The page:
Northern And Midwestern States Tax Dollars Aid The South
October 8, 1996
A new study from Harvard University's Kennedy School of Government shows that more federal dollars are flowing to Southern states at the expense of Northern and Midwestern states. Factors drawing money to states range from military bases and defense industry to high levels of welfare relief.
- Connecticut leads the list of states which paid more to the federal government in taxes than they received in federal spending -- $2,099 less per capita last year.
- Washington, D.C. was the biggest winner, gaining $30,817 for each resident -- followed by New Mexico, which received $3,300 more per capita in federal spending than residents paid to Washington in federal taxes.
- New Jersey, Illinois, Delaware, Minnesota, Michigan, New Hampshire, Nevada and Wisconsin joined Connecticut among the top losers -- paying between $1,000 to $2,000 more per capita in federal taxes than they received in federal spending.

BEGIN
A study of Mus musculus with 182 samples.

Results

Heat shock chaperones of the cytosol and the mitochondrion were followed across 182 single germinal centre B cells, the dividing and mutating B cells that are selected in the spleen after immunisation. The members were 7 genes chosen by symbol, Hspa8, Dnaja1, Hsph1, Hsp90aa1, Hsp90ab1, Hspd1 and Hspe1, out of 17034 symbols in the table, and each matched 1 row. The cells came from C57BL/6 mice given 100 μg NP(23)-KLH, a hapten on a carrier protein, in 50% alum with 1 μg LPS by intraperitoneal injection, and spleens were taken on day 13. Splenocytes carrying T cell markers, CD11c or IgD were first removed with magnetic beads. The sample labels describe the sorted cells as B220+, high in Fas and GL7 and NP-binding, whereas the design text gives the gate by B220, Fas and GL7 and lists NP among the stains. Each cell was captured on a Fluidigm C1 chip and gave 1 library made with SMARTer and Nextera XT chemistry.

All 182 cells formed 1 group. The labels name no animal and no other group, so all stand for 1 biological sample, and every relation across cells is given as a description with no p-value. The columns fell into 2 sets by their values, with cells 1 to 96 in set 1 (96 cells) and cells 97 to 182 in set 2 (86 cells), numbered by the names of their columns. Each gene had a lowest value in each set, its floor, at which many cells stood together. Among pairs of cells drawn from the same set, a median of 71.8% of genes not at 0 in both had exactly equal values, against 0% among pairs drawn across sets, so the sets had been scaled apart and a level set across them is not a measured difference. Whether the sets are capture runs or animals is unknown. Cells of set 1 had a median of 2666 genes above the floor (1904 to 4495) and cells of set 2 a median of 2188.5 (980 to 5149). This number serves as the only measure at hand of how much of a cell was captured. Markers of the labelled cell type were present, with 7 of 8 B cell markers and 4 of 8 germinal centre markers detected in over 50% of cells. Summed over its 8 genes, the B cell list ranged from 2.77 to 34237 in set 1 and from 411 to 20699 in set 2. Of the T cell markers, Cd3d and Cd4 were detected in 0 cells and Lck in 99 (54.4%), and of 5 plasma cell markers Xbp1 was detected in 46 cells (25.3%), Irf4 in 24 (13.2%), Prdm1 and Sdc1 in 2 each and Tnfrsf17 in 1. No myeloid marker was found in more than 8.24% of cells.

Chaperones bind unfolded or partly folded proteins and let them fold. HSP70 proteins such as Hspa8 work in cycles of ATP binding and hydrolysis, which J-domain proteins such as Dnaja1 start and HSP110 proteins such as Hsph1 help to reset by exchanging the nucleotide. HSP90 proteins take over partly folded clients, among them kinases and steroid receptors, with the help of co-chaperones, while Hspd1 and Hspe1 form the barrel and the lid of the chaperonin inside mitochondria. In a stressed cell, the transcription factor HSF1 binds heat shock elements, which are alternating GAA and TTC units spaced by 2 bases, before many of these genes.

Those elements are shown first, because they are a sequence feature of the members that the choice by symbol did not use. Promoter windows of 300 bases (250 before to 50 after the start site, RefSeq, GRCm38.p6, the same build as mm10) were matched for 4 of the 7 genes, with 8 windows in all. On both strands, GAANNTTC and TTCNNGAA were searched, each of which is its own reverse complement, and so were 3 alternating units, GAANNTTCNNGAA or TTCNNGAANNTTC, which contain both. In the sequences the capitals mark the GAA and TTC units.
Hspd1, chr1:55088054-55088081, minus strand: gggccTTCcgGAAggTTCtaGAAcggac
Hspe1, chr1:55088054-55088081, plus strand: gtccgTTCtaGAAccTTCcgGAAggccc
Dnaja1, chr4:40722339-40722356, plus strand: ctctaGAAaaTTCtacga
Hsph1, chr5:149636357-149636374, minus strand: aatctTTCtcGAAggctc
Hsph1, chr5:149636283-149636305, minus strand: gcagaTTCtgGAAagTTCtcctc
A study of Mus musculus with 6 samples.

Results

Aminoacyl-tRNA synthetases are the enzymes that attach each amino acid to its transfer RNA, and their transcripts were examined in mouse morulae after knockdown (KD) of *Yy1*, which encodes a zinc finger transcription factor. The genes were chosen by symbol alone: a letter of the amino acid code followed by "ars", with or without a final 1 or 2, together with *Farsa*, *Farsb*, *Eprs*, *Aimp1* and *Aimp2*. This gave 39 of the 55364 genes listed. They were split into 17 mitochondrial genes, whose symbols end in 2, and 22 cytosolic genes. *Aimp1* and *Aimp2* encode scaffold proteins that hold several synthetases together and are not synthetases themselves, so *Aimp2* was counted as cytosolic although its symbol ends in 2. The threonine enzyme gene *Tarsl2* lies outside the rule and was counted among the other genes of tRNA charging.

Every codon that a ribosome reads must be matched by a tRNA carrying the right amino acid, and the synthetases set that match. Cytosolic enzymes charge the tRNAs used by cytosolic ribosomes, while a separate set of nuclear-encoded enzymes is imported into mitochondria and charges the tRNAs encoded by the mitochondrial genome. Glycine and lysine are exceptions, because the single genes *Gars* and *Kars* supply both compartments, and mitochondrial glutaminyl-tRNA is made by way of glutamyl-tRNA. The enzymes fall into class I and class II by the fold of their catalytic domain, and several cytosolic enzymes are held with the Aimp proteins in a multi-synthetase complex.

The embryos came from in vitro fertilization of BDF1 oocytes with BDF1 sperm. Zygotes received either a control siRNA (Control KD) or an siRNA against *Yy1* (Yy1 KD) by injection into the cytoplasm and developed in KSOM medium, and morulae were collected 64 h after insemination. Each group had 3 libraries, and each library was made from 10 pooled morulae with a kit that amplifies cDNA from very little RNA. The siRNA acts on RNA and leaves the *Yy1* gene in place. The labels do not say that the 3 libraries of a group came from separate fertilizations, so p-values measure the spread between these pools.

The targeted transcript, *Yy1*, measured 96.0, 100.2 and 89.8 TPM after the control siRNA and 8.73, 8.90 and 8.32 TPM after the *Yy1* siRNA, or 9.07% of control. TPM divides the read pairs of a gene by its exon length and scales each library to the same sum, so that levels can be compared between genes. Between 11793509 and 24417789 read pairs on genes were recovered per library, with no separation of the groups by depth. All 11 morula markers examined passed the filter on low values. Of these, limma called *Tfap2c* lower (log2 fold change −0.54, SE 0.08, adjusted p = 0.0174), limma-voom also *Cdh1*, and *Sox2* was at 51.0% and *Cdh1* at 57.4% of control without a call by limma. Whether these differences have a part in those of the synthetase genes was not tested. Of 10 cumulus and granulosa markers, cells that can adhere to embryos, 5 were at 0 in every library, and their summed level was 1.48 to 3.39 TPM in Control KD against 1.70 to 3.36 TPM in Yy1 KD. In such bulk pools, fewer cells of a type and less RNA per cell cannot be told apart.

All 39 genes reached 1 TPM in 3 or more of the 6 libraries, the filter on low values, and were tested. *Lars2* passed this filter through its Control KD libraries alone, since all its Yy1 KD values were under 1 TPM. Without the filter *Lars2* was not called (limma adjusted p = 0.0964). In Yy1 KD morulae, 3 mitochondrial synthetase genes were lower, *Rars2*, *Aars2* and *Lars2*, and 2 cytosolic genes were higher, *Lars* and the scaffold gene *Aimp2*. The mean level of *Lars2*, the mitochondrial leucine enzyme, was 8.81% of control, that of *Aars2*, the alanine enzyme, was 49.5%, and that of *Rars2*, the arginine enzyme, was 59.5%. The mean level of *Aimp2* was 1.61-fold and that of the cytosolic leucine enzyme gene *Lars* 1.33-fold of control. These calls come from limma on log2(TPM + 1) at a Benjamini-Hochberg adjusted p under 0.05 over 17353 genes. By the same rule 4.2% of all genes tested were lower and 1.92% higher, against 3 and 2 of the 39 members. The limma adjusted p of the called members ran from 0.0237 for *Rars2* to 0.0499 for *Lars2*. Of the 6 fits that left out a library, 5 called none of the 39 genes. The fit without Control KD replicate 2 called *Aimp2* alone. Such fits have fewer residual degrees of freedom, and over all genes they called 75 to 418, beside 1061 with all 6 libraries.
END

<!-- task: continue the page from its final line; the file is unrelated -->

- Top winners also included Virginia, Mississippi, West Virginia, North Dakota, Montana, Maryland, Alaska and Kentucky -- receiving roughly $1,400 to $2,700 more per resident than their tax bill.
Within the last decade there have been significant changes for the worse for Massachusetts, New Hampshire, Vermont, California, Hawaii and Washington. According to the study, factors which influence the distribution include the presence in a state of military facilities, whether the state attracts retirees receiving Social Security payments, per capita income levels and poverty rates.
Source: Robert Pear, "North and Midwest Dollars Aid the South," New York Times, October 8, 1996.